It happens to all of us: you take some fantastic photographs, get home, and realize a camera setting was insane. Use these five checks every time you start a shoot, and you'll avoid making those mistakes.
1. Is Your Battery Charged, and Do You Have a spare?
It's so easy to become blasé about camera batteries, but take them seriously. You can't shoot without them! Ideally, you'll be charging your batteries the night before a shoot, but do still make sure when you pack your camera bag that your battery is fully charged. I read a post in a photographers' Facebook group once from a photographer who only had one battery, but realized when setting off to meet her client for a shoot that the battery was dead. She had to postpone her shoot until the battery had charged. How embarrassing. Don't ever let that be you!
2. Have You Formatted the Memory Card?
Personally, I format my memory cards when I take my camera out to shoot. I don’t do it the night before, in case one night I forget. To make sure that I absolutely always do it, I format the memory cards on the job. So far, touch wood, I’ve never had a corrupted card, but the thought of it makes me break out in a cold sweat.
I always think of a story a wedding photographer told me from his days of film photography, of finding that a whole roll of film was damaged and all the photographs on the roll were lost. It’s not worth thinking about. Formatting the cards can reduce that risk for digital photography.
Deleting the images from a memory card doesn’t completely remove the data on the card. Go for gold and format that card. Just make sure you've imported all the images and backed them up first.
3. If Your Camera Takes Multiple Cards, Are You Using One in Each Slot?
The more you back up your shots, the better. If your camera takes multiple memory cards, take advantage of that! I’ve forgotten to do this occasionally when I’ve taken a card out to download the photographs and then not replaced it straight away. The stress of seeing only one memory card in the camera when you open the compartment after a shoot is horrible. Don’t take the risk! Check the memory card compartment before every shoot, and you’ll know you’re good to go.
As a side note, I have my camera set to alert me if there’s only one memory card in the camera, but this alert is so easy to miss that I’m actually tempted to disable it, so I stop relying on it and continuing making sure it’s a manual check before I take any photographs.
4. Have You Got a second Camera Body to Hand?
Ok, we might not all be able to have two camera bodies, but I really think it’s a purchase to prioritize above all others. I’d always recommend buying a second body before investing in additional lenses — just imagine if one camera seizes up. Years ago, when I was just starting out in my photography career, I used to photograph weddings as well as families. One time, the mirror collapsed inside my camera, and everything went black just as the couple had their first dance. Luckily, I had a second shooter and was able to grab their camera, but it was a very stressful lesson to learn the hard way. I would never go on a shoot again without a backup body.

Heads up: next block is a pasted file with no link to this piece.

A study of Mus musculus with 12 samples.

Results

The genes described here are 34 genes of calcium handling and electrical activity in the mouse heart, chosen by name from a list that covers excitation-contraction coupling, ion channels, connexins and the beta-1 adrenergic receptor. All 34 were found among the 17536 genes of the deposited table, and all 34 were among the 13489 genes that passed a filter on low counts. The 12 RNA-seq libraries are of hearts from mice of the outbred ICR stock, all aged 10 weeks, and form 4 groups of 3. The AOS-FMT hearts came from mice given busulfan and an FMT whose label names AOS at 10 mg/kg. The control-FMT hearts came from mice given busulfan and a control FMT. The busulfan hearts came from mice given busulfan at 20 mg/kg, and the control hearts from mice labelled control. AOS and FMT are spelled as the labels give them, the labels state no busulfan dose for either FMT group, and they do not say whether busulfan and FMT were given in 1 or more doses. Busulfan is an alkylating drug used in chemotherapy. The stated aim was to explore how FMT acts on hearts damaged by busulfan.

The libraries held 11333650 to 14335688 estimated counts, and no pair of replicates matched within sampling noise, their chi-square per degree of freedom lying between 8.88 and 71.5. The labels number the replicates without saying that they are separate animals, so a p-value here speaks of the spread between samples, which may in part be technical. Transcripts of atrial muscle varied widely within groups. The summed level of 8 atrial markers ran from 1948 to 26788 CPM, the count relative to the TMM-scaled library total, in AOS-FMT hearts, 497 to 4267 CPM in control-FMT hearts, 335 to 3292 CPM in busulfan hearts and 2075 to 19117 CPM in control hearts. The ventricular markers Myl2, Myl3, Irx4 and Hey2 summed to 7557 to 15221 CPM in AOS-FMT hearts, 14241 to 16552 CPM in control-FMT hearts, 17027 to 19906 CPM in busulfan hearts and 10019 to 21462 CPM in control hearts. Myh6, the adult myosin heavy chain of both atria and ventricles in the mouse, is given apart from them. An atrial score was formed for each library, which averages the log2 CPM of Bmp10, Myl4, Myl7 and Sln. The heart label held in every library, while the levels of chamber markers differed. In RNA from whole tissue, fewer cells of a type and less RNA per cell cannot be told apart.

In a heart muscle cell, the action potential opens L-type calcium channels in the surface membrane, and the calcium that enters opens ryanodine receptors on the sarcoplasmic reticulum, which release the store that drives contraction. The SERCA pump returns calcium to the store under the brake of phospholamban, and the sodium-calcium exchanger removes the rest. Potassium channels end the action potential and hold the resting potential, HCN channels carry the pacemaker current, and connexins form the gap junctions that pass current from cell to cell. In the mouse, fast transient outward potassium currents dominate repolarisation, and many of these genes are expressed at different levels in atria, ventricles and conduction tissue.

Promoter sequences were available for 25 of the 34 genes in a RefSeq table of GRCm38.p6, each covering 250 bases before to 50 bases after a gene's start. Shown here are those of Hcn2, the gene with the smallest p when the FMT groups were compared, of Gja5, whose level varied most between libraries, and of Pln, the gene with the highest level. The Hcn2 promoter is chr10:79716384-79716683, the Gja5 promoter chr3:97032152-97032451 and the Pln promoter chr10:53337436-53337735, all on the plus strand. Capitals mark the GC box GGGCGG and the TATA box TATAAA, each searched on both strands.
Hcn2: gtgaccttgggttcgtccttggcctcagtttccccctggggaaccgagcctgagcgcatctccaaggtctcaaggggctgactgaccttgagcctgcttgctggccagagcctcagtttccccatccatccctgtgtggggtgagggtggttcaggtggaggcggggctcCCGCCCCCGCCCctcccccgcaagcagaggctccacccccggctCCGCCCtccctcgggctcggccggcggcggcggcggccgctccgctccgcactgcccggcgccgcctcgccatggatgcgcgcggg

5. Is Anything That You Usually Use in Auto Currently on a Custom Setting?
Whenever you change a setting to a custom option, be sure to set it back at the end of the shoot. And double-check by reviewing your camera options before a shoot. It’s so easy to inadvertently leave a setting selected that will interfere with your next shoot.
Even something as simple as continuous burst mode rather than single shot mode can wreak havoc, as focus and recompose doesn’t work in burst mode — been there, done that!
The other one I always check is white balance. I tend to shoot in auto white balance, but every now and then, I set it manually. It’s such a pain when it comes to editing if this is set incorrectly, and equally, it’s such an incredibly quick thing to check beforehand.
Did you choose a different focus mode than usual? With newer Canon cameras, it’s painfully easy to leave it on something like Case 3 (instantly focus on subjects suddenly entering AF points) rather than Case 1 (Versatile multi-purpose setting), and shooting when you think you’re in a different case mode can ruin your shots. Whenever I change the case from my usual option, I make sure to set it back after the shoot, but I also check before I start taking photographs.
The other issue that’s easy to overlook is the file type. It’s so easy to select something unusual like small JPEG and then forget to set that back. Just imagine doing a shoot with small JPEGs! It’s absolutely not worth the risk. I change the file type once in a blue moon, so it’s not something I check before every shoot, but if it’s something you rotate between, do add it to your checklist.
These checks may seem incredibly basic, but that’s my point: they’re quick to do, but could save your shoot from disaster. Getting in the habit of checking the settings before you take a photograph is so important and something I still remind myself of often.
I went out and took some photographs for fun during the lockdown, and after a couple of months’ break from using my camera, forgot to run the usual checks. I actually couldn’t believe it, but I’d shot on just one memory card and forgotten to format the cards before shooting. I’m very glad I gave myself this reminder on a shoot for fun and not on a paid job!
What checks do you always do before taking a photograph? Would you add any other items to this checklist? Or do you think I'm a risk-averse worry worm?